Alix (ahhh leeeks) has turned her childhood fondness for writing letters into an empire, with an Insta following to boot. Her family has recently relocated to support her husband’s job, but her heart (and insta) are still in NYC.
In walks Emira, Alix’s babysitter, like a breath of fresh air…and a new ‘project’ for Alix to help ‘fix’. Emira at almost 26 feels aimless and adrift. While her friends are moving up the career ladder, she hasn’t settled on what she wants to be when she grows up.
One night amid a family crisis, Emira is called upon to take Briar to a ‘very white’ grocery store, where she is accosted by the security guard, who doesn’t believe she’s babysitting. At this point, you think you know where this one is going to go. But you’re probably wrong 😁.
I enjoyed this book. The pacing was good throughout, which made me furiously keep turning the pages to find out what happened next. The social commentary and the juxtaposition between Emira’s life and friends vs Alix’s was on point. Alix is at pains to show that she’s not a ‘regular’ frumpy mum, but it comes off as forced and just embarrassing. The book also explores issues of white privilege and saviourism, and the dynamics this places across different relationships.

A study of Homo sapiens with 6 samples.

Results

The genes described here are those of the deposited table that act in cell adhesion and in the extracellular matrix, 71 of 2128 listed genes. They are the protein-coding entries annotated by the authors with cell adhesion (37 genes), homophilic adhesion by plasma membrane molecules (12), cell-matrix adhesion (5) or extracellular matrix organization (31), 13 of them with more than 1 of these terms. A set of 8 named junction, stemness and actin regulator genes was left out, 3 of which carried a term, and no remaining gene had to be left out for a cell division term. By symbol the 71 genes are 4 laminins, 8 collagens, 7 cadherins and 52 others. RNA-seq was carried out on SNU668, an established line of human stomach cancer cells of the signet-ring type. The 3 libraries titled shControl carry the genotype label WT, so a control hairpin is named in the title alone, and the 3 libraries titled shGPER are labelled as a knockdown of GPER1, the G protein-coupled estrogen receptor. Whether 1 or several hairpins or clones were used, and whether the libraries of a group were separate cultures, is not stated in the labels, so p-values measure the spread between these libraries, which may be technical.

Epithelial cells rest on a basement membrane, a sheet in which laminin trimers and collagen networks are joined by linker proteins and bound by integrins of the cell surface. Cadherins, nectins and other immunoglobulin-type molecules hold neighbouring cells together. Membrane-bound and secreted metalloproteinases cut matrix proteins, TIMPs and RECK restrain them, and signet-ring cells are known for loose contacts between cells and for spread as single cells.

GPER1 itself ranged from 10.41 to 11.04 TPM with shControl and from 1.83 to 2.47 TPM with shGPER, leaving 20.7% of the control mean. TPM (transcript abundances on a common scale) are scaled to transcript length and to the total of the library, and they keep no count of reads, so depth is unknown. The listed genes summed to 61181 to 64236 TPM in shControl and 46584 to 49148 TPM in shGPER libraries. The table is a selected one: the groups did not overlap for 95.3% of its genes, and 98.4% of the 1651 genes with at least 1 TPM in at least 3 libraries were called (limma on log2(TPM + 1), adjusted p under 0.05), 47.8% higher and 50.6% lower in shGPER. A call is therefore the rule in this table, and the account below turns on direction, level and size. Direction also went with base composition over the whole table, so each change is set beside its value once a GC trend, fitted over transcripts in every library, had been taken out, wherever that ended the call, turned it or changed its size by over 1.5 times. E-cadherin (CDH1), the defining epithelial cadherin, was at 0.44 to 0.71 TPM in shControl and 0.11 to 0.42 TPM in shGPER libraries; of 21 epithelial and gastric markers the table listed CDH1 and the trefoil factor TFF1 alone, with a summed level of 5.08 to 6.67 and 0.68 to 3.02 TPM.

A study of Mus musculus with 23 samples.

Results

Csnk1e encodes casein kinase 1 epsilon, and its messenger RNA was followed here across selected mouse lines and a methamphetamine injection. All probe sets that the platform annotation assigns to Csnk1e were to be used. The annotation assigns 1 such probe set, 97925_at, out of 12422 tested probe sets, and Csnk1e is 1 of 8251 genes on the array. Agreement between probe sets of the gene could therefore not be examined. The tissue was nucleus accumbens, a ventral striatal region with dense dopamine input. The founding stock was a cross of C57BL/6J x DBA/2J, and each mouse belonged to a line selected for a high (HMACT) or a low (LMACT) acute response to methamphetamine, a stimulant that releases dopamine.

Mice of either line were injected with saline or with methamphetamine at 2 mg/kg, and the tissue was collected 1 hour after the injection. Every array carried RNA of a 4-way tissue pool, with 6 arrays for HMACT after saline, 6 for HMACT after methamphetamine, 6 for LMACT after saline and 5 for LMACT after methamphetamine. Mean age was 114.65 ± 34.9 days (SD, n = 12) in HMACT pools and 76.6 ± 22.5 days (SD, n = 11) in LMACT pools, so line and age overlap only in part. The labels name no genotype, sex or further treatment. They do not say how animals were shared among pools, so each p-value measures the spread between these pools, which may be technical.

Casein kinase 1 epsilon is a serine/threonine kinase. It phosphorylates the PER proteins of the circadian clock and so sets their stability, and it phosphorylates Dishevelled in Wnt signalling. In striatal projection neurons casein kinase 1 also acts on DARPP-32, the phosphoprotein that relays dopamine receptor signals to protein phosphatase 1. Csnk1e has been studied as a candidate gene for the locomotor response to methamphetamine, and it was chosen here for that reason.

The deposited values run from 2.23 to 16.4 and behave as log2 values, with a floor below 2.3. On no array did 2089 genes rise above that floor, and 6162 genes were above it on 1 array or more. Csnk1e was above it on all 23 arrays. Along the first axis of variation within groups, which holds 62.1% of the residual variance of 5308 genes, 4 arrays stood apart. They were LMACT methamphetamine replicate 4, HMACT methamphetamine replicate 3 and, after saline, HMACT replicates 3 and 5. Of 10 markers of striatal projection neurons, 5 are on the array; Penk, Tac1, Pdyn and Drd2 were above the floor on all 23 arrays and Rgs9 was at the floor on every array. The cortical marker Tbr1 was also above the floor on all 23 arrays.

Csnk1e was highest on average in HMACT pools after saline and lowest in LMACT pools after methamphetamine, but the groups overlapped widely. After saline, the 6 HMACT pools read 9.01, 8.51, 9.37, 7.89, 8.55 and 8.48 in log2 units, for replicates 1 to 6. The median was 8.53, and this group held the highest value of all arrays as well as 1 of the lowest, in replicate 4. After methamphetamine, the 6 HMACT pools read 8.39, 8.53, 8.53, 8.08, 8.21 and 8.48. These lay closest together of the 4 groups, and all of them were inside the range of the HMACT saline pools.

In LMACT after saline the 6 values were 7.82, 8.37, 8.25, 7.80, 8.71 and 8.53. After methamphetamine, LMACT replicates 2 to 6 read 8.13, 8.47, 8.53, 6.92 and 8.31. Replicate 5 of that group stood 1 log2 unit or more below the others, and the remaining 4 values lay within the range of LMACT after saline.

The love and understanding between Emira and Briar brought tears to my eyes on multiple occasions. They were really the standout characters for me in this book.
And now; Alix. I really disliked Alix. Right from the start. She just grated on me on so many levels – in her friendships, relationships, career and as a parent. I did not care for her one bit and was on tenterhooks hoping karma would come back and bite her in the ass! And maybe that’s the point! Overall, a clever and entertaining read. .
I’d love to know whether liking/disliking a character ever impacts on your overall enjoyment of a book?
Thanks to Netgalley and Bloomsbury Publishing for the ARC of this book. This is out today!